On Thursday, February 21, the University of North Carolina-Wilmington hosted a debate on abortion, which was organized by the College Democrats and College Republicans, among others.
"Christian abortion doctor" and author Willie Parker represented the pro-choice side, while criminology professor Mike Adams, PhD, represented the pro-life side.
The hour and a half-long debate also featured a Q&A in which the two professionals took questions from the crowd. At the 1:19:42 mark, a man asks Adams about the commonly discussed "rape exception" as it pertains to abortion.
The man first spoke about how acorns are not considered trees until they’ve sprouted from the soil, and that’s when "life happens." He added that "with people," he believes the same thing. After the moderator prompted him to actually pose a question, he asked:
If a 12-year-old girl is raped, then are we required to force that 12-year-old girl to give up an adolescence, to deliver a child, and for the rest of her life, to know that child is the result of a rapist? And are we required – to a woman who knows she is going to produce a seriously deformed child – that for the rest of her life, she’s going to have to spend hundreds of thousands of dollars to care for that child who is not going to have a full and successful life? And finally, I’m always amazed at how we’re so concerned about birthing children, but were not concerned about caring about health care, about food –
The moderator cut the man off, and asked Adams to answer the question.
Professor Adams first talked about why his mind changed on the rape exception, recounting a story involving a female friend who found out that she had been conceived in rape:
You went back to eugenics again, and you asked whether I thought handicap justified ... I do not support eugenics. I believe that the handicap life is worth living no matter how much it costs.
When I became pro-life on the issue of abortion, I believed in a rape exception, and then something quite interesting happened. An adult friend who knew that she was adopted began to investigate the circumstances of her adoption, [and] she found out that she was conceived in rape. And my girlfriend at the time told me about that, and she said to me, "That is the reason why I don't support a rape exception to a ban on abortion," and I said, "Well, I do." And she said, "Are you saying that my friend Laura should be executed for a crime that she did not commit? An innocent human being? When the law will not allow the rapist to be executed? Are you saying that my friend Laura should be executed?" I said, "Well, not now." And she said, "Well, what's the difference between the innocent human being she is now and the innocent human being she was in the womb that would have justified killing her for a crime she didn't commit at that earlier stage of development?" I said, "I can't think of one."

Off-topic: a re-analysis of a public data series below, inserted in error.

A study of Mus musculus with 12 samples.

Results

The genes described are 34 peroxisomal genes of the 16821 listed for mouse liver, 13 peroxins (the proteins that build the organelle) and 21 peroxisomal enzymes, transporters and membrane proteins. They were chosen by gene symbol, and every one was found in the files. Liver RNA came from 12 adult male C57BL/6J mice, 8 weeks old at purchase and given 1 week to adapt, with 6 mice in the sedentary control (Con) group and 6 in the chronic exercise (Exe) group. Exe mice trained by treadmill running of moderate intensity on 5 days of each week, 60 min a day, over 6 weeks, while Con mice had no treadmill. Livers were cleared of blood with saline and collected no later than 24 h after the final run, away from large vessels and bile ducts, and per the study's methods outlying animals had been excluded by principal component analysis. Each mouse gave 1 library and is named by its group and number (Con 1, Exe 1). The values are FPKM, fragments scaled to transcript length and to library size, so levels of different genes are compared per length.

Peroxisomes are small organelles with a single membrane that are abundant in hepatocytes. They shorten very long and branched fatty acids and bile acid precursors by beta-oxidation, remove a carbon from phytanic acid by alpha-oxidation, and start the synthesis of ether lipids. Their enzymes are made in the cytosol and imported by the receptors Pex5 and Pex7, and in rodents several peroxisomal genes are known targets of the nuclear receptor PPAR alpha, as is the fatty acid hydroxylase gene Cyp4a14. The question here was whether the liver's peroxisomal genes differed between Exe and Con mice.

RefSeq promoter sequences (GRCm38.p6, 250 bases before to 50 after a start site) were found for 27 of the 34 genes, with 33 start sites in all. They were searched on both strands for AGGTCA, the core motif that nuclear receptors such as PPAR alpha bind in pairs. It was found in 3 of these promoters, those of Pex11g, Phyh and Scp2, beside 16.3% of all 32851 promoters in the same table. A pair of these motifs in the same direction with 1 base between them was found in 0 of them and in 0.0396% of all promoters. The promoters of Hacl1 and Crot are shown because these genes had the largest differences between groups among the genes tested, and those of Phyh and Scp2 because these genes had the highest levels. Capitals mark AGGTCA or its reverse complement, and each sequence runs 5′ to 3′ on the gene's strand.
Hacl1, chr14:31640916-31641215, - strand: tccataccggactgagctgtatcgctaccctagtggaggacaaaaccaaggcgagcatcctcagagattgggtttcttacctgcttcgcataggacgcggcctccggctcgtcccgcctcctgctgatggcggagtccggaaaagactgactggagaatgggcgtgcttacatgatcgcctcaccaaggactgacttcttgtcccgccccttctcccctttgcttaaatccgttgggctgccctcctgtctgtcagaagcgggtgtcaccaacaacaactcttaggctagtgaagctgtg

So, I changed my mind. That's not a sign of weakness, it is a sign of honesty.
Adams then rebutted the idea that the pro-life movement only cares about fetuses by drawing a brilliant analogy, and also pointing to what the movement is doing to help women in dire situations:
The third question was an accusation that we are not consistent somehow in the pro-life movement. We're just opposed to abortion, but we are not necessarily comprehensively pro-life. Let me just say what an arrogant thing that is to say.
If you had a friend who was collecting money for the American Cancer Society, and you walked up and attacked that person and said, "You are not comprehensively anti-disease, you are not comprehensively pro-life because you do not also collect money for AIDS research," that's just not a fair criticism. Think about that for just a moment.
Just because we are opposed to the intentional killing of innocent human beings does not mean that we are responsible for curing all of society's ills – but here's what's important, we actually are doing things for women who are facing difficult situations. For example, Lifeline Pregnancy Center here in Wilmington, North Carolina provides resources for poor women, and the pro-life movement has more crisis pregnancy centers than there are abortion clinics in this country.
So stop saying, "You're inconsistent," because the question in this debate is not about the kind of human being I am, but the kind of entity that the unborn is. If I become inconsistent in some way because I disagree with some of your politics, that does not mean the unborn is somehow non-human and lacking in basic rights. That's the fallacy in your argument.
You can watch the clip here:
According to a May 2018 Gallup survey, 29% of Americans believe that abortion should be "legal under any" circumstances, while 50% believe there should be some restrictions, and 18% believe it should be "illegal in all" circumstances.
A staggering 77% of respondents told Gallup that abortion (in the first trimester) should be legal for women whose child was conceived in rape or incest. This is up five percentage points from a 2003 survey. 52% of respondents told Gallup that abortion should also be legal in the third trimester if the child was conceived in rape or incest. This is down seven percentage points from a 2003 survey.